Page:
European Regulators Review Medtronic’s InductOs in Light of Contamination Issues

European Regulators Review Medtronic’s InductOs

European Regulators Review Medtronic’s InductOs

The European Medicines Agency (EMA) will be reviewing Medtronic’s InductOs following reports of contamination problems at a site that manufacturers one of the product’s components. InductOs is an implantable bone development product used in patients undergoing spinal fusion in the lower back and in surgeries to repair broken tibia. The kit InductOs is sold as contains its active ingredient dibotermin alfa and an absorbable collagen sponge (ACS) manufactured by Integra LifeSciences.

Regulatory Affairs Professionals Society (RAPS) reports that the contamination problems were from a site in the United States that manufactures the ACS in InductOs. In January 2014, inspectors identified “a number of major deficiencies” and Integra was issued a corrective action plan. Because of the contamination issues, the company was not allowed to import the sponge to the EU until inspectors could return and “assess the progress in eliminating the major deficiencies”.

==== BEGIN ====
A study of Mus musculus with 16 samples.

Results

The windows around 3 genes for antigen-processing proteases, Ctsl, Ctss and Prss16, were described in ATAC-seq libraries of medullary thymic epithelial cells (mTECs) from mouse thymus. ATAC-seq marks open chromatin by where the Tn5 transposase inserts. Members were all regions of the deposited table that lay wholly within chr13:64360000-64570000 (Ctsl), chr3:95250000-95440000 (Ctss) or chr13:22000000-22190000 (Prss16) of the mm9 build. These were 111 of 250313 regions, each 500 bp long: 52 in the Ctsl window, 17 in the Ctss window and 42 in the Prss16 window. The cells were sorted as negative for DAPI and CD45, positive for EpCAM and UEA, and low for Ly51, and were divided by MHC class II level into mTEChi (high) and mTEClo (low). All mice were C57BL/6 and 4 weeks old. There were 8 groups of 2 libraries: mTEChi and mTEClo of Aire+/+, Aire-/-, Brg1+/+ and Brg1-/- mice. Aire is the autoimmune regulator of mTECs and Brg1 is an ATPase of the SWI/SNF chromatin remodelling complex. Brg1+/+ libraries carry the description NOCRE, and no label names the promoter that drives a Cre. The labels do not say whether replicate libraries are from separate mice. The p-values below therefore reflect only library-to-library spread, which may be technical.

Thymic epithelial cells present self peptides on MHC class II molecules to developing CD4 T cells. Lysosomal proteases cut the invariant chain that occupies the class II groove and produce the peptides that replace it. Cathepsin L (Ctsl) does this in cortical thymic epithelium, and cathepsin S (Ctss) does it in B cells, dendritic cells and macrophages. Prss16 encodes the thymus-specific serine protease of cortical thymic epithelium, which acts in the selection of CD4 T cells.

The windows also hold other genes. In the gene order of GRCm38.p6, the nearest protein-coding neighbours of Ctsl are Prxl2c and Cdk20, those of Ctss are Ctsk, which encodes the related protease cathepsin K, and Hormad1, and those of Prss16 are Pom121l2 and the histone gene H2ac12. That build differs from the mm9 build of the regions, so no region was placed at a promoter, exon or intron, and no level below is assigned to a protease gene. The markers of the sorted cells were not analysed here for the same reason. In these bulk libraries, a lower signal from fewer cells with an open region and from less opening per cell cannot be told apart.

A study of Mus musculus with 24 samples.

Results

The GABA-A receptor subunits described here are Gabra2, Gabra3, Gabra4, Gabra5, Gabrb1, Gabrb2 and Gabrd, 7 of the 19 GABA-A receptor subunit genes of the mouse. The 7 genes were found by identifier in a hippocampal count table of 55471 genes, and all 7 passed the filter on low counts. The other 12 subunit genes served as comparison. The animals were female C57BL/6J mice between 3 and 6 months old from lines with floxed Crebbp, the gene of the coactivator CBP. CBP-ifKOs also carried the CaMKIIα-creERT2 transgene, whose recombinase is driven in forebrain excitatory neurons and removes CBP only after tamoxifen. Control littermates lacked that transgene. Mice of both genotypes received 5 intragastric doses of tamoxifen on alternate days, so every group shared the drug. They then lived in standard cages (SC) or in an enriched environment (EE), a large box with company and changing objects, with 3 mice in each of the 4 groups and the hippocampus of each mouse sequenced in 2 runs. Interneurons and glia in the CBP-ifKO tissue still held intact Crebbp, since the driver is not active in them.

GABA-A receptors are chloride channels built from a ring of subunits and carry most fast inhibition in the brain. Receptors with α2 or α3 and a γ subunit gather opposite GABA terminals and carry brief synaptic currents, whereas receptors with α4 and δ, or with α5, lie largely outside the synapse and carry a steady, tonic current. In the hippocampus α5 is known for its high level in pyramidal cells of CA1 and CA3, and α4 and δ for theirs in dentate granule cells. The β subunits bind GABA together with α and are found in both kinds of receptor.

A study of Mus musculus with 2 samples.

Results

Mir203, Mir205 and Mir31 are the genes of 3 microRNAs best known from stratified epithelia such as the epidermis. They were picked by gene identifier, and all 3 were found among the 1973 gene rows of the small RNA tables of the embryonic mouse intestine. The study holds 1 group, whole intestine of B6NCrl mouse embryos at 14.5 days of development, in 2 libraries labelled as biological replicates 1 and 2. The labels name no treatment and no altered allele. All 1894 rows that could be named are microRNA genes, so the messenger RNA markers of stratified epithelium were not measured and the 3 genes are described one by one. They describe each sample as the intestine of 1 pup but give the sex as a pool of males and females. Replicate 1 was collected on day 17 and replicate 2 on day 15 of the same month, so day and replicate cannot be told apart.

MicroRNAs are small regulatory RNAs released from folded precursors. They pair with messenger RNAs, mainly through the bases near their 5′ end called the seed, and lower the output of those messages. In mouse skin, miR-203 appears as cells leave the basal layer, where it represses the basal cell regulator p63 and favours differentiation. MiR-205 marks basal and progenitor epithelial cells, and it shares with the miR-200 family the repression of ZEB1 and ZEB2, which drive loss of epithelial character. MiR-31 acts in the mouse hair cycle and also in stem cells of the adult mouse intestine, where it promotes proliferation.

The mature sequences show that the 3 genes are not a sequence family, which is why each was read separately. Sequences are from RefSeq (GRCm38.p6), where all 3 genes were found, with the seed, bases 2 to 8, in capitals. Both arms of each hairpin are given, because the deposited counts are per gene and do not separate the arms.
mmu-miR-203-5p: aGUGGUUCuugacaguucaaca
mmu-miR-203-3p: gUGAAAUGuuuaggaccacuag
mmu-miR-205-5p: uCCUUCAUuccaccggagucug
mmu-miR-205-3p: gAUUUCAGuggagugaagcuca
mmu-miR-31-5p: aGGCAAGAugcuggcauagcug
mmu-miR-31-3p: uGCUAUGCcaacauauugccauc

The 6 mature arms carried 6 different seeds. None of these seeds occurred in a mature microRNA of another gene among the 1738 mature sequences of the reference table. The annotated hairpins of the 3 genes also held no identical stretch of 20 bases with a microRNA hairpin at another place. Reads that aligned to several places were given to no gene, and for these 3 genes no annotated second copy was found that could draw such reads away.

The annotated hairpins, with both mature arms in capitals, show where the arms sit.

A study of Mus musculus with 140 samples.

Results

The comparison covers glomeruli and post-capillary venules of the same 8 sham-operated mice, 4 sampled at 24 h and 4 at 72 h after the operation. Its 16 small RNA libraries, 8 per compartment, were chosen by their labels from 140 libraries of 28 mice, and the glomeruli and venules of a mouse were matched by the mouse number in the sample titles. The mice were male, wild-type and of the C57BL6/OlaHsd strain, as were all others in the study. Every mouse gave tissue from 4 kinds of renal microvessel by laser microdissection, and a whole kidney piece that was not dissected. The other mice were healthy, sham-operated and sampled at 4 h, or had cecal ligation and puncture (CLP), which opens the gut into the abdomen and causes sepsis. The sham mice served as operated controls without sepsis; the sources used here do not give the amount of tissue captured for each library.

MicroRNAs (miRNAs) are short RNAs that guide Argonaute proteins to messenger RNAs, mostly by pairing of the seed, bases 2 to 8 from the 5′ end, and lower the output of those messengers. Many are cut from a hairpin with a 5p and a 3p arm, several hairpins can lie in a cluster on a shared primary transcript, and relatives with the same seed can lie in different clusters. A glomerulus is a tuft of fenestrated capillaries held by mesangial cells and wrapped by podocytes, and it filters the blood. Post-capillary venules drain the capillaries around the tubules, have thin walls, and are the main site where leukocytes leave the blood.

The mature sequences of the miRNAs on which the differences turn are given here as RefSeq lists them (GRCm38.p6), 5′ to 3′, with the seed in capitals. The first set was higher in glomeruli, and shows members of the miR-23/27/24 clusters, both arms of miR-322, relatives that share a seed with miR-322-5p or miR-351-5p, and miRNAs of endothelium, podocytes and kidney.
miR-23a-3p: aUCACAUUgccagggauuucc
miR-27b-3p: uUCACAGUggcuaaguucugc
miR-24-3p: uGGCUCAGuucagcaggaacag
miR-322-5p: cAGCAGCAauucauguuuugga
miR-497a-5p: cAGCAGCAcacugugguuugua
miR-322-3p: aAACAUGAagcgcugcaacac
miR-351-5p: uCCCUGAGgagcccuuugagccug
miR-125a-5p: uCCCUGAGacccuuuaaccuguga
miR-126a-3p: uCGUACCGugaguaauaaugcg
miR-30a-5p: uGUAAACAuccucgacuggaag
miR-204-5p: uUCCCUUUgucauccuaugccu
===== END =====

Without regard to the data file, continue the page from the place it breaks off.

When inspectors came back for follow-up in April 2015, they determined that the issues were still not resolved. They stated that Integra failed to eliminate “contamination of ACS with particulate matter”. These findings prompted the Netherlands to issue a draft statement of non-compliance in July 2015 and notify the European Commission (EC) and EMA’s Committee for Medicinal Products for Human Use (CHMP). On July 23rd, the draft statement of non-compliance was finalized. Afterwards, the EC asked the EMA to “assess the [issues] and their impact on the benefit risk balance for … InductOs” according to RAPS.

Following reports of contamination at the US site, the EMA will begin its review of InductOs and make recommendations for marketing authorization as needed. Meanwhile, the agency wants to ask Medtronic if there have been any “safety reports or complaints … related to the contaminating particulate matter,” and if there are “any patient population(s) for whom there is no other treatment option available.” Additionally, EMA wants Medtronic to provide a timeline of action to “ensure that the manufacturing of the ACS will be GMP compliant.”